Unrestricted Free Agents Bears Should Avoid Retaining
The decision on signing or letting their own free agents leave is more complex than the amount of a team's salary cap space.
The cap space issue usually applies to starters or highly paid players. Most free agents do not fall into this category.
The majority of free agents are at the bottom of the roster, providing depth and special teams play. In many cases teams can afford them, even the veterans, but might have other players they want to bring along or obtain other players for those spots.
In some cases they're project players brought along in case of injuries to starters or to replace starters.
Losing free agents in this category can result in depleted special teams coverage units, because many of these players are running down on punts or kicks or blocking for the return men.
The Bears have several veteran free agents who provide depth but they'd be best off not retaining.
They also have one starter who shouldn't be resigned.
Ha Ha Clinton-Dix
A popular notion being repeated is Clinton-Dix's acquisition was a failure and this wasn't the case. For $3.25 million they had a proven NFL player, a former Pro Bowl player who knew how to play his position and performed well enough to be retained if there were no other options. The jump in passer rating against of almost 13 points this past season still left them in a respectable spot as a group. Clinton-Dix dropped his passer rating against, his completion percentage allowed and yard per play when targeted. He had his first touchdown return and had a career-high two fumble recoveries. He did them well enough other teams will be sure to come calling with bigger contract offers than the Bears could afford. And it would be good for them to have him leave for one reason. Eddie Jackson can do everything Clinton-Dix did at that position but does it better. And Clinton-Dix couldn't take on the role of playing closer to the line to stuff the run more that the Bears had to ask of Jackson in 2019, or they would have had him do it. To optimize their $58.4 million investment, the Bears need a different type of safety partnered with Jackson who can be more physical and play by the line. Then Jackson could be the true ball hawk he can be.
A knee injury suffered right when the Bears needed him the most last year made it obvious the Bears should move on. He's only costing around $1 million a year but in his 11th season now the Bears would be better off with a younger guard on the roster who is learning and improving as a backup. Alex Bars or Rashaad Coward or a draft pick could play that role.
This experiment with a tackle moving to tight end never showed the slightest hint of success. He got into six games, never was targeted with a pass and should be happy they let him stick around to collect a nice check through the year.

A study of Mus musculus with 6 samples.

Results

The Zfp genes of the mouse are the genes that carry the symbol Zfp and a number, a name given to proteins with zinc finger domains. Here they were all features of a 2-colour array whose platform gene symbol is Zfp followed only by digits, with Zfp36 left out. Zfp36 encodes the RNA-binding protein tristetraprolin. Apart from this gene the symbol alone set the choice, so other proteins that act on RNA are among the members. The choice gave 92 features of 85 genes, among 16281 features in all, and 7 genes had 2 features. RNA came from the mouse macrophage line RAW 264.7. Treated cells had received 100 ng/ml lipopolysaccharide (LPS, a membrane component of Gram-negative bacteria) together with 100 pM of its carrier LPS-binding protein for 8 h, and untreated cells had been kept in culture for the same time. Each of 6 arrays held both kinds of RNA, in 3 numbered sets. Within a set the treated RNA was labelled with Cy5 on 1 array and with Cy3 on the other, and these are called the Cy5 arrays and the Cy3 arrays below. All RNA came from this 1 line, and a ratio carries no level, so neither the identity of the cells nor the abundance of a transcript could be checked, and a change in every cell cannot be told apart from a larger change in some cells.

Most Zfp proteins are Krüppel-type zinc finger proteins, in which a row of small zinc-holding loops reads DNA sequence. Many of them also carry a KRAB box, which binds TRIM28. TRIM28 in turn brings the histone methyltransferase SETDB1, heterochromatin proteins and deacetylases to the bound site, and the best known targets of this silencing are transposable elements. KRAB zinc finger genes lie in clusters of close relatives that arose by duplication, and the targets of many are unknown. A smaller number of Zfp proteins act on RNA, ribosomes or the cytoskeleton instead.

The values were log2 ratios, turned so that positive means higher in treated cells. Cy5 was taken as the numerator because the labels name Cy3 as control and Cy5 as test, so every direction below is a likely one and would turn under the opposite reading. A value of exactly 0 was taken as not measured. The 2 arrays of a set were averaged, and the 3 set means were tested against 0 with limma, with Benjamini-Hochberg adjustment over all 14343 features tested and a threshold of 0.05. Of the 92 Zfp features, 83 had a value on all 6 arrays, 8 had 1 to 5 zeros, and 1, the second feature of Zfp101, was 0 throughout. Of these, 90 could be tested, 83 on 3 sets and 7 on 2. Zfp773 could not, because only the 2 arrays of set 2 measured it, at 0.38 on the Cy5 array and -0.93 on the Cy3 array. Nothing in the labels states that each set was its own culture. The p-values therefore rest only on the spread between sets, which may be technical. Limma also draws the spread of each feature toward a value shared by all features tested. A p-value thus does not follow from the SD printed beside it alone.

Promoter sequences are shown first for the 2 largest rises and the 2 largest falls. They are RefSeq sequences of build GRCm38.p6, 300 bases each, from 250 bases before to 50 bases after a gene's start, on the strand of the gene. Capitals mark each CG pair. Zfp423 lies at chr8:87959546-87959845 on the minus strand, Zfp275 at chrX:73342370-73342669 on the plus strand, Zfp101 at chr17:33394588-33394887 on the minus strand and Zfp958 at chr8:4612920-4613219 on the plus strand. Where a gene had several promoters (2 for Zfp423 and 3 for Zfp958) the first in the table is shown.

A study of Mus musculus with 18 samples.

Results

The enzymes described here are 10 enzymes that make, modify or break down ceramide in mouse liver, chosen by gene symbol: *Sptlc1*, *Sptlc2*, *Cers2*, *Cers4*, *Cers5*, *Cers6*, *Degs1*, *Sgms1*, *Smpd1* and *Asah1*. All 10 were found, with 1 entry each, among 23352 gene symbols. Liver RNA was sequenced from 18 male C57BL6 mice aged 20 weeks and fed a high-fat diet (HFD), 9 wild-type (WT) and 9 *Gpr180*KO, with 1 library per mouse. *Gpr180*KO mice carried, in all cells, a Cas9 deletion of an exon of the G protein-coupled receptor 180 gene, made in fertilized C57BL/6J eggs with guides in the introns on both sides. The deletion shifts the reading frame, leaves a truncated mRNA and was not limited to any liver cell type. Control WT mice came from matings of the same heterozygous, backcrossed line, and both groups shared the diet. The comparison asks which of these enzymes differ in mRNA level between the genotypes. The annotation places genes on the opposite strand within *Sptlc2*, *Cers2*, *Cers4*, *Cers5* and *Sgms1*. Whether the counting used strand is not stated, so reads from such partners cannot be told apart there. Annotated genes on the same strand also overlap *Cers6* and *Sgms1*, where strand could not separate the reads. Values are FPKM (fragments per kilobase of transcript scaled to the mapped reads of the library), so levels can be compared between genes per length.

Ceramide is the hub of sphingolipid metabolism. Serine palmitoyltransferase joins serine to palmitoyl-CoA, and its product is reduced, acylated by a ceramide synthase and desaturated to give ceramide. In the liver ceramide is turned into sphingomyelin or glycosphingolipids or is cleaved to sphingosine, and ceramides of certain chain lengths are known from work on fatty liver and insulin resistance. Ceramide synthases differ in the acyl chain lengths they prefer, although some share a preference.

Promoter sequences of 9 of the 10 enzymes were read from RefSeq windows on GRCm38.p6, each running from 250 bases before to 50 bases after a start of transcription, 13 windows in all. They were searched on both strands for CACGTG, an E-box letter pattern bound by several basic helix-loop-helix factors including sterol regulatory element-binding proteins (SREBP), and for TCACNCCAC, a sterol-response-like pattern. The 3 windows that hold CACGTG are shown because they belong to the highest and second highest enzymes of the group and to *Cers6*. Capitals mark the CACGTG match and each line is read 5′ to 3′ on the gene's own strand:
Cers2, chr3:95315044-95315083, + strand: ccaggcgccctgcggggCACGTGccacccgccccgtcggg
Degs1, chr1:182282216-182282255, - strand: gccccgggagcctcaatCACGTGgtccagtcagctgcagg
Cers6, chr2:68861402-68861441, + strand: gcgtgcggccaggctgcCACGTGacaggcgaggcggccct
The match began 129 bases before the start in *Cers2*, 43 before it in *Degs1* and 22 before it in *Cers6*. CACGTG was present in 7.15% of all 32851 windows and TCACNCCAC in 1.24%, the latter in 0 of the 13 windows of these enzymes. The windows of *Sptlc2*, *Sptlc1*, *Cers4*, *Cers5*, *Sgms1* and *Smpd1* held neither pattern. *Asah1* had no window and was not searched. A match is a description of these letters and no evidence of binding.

There have been moments in the past two years when Lynch seems like an asset. When Khalil Mack was injured in 2018, Lynch stepped in and at least stopped the run while providing occasional heat in the rush without finishing with a sack. Last year, though, he was needed less and showed up less. He had two sacks to go with six tackles. In one way he showed up more than they needed -- he had seven offside or neutral zone infractions. The Bears could find a reserve in many places who could perform better at a cap cost of $1.5 million or less.
It's a foregone conclusion the Bears are bringing in quarterback help. Daniel's knowledge of the offense was the reason they gave for keeping him behind Mitchell Trubisky, but they need someone backing up the starter who actually has playing experience or someone ascending who could take over when the starter falters. The playbook master was a role needed when the starter didn't know the playbook. Trubisky knows that by now -- or at least he should.
He was signed along with Cornelius Lucas when they needed a backup tackle but suffered a quad injury and went on injured reserve before the season. He's spent most of his last three years in the league on injured reserve and needs to do it elsewhere even if he did come in at a minimum salary. Lucas showed he can play this role, and deserves to be a free agent who is retained. Lucas started eight games, as many as he had in his previous five seasons combined, and provided a stable performance when tackle Bobby Massie was ill or injured.
The Bears didn't tender him at the minimum amount as a restricted free agent, so he played at a bargain rate. However, he really slid down the depth chart at safety even more with Sherrick McManis moving from cornerback to safety. And he rarely makes an impact on special teams as is required. He's a sixth-round draft pick who gave them a bit of depth but it's time to bring in someone else younger who might do it and improve enough to start.